Coconut Wireless: Rainy Days And The Evil Media

Looking into the heart of Waimea Valley where all the rain and shit water comes from. Photo: Flynn

Looking into the heart of Waimea Valley where all the rain and shit water comes from. Photo: Flynn

I always thought it was funny how the surf media rated the North Shore winter season by the six-week period of time they infest the 7-mile miracle each year. The true North Shore winter season actually starts in September and stretches all the way to April or May…that’s 8 or 9 months of consistent surf! Judging how our first part of the media-hyped “season” is going, it would be safe to say that this winter is the worst in years. Post that all over the Internet and print it on the covers of every international magazine! At least for now, the waves and weather have been marginal at best. Lately, the ocean has been brown due to heavy downpours and blown-out river mouths…wow, that could be a beautiful analogy for how the North Shore Boys have been taking to, and treating, the heavy influx of eager girls here now, especially since the Boys frequent the bars and clubs more than the crappy surf lately. Gotta love it, everyone does!

Right now the waves are flat and the ocean is brown. The Reef Hawaiian Pro has run one day, and it’s hard to tell if they’re going to pull off three more full days of competition before the end of the waiting period on the 23rd. I wouldn’t be surprised if they run heats out at Avalanche across the channel from Haleiwa because it picks up more swell—but we’ll just have to wait and see.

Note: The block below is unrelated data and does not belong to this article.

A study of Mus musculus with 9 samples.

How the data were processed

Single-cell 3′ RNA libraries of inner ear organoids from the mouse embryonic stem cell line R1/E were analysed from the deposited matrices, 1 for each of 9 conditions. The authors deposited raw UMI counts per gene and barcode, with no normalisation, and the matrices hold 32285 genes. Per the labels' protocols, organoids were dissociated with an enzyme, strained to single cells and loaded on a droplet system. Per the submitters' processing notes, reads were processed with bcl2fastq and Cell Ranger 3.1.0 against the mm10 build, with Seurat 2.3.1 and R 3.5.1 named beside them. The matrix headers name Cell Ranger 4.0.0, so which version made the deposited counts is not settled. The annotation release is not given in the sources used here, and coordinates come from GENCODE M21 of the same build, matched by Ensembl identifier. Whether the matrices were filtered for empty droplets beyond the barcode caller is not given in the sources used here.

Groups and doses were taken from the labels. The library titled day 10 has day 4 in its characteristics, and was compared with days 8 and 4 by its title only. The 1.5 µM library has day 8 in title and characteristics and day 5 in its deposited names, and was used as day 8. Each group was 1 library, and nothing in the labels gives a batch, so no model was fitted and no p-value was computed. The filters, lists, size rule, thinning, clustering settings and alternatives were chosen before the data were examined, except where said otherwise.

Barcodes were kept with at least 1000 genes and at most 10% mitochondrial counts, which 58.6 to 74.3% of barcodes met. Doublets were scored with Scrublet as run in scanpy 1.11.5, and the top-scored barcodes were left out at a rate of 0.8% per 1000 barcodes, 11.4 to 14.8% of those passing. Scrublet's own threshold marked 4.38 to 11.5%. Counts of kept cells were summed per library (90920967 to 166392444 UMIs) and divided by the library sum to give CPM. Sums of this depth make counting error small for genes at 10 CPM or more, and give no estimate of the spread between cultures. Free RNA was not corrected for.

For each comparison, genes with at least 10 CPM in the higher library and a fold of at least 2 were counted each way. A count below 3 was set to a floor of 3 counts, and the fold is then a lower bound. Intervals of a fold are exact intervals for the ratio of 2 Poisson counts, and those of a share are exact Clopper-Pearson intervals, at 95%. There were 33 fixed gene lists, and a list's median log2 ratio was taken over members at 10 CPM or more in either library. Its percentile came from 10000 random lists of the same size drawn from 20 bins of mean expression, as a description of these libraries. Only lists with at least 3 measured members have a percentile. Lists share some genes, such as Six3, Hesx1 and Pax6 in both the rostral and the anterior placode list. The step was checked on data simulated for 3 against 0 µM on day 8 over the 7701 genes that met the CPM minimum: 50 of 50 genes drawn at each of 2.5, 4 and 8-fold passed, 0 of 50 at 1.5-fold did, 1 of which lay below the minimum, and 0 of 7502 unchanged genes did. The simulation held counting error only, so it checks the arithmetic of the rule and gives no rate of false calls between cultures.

Despite the warnings at the Waimea river mouth, some people feel they're immune to leptospirosis. Photo: Flynn

Despite the warnings at the Waimea river mouth, some people feel they're immune to leptospirosis. Photo: Flynn

The marginal surf has consisted of a couple of North East swells that swept long rights down the coast, along with a shit load of sand back where it started this summer in front of the Pipeline area—which is no good for Pipeline.

I honestly don’t mind this cycle of heavy weather and weak waves, mainly due to the fact that it’ll blow over and clean up before we know it. That’s the beauty of living on a rock in the middle of the Pacific Ocean; rapid changes and various combinations with weather, waves, and even people!—Aloha, Flynn.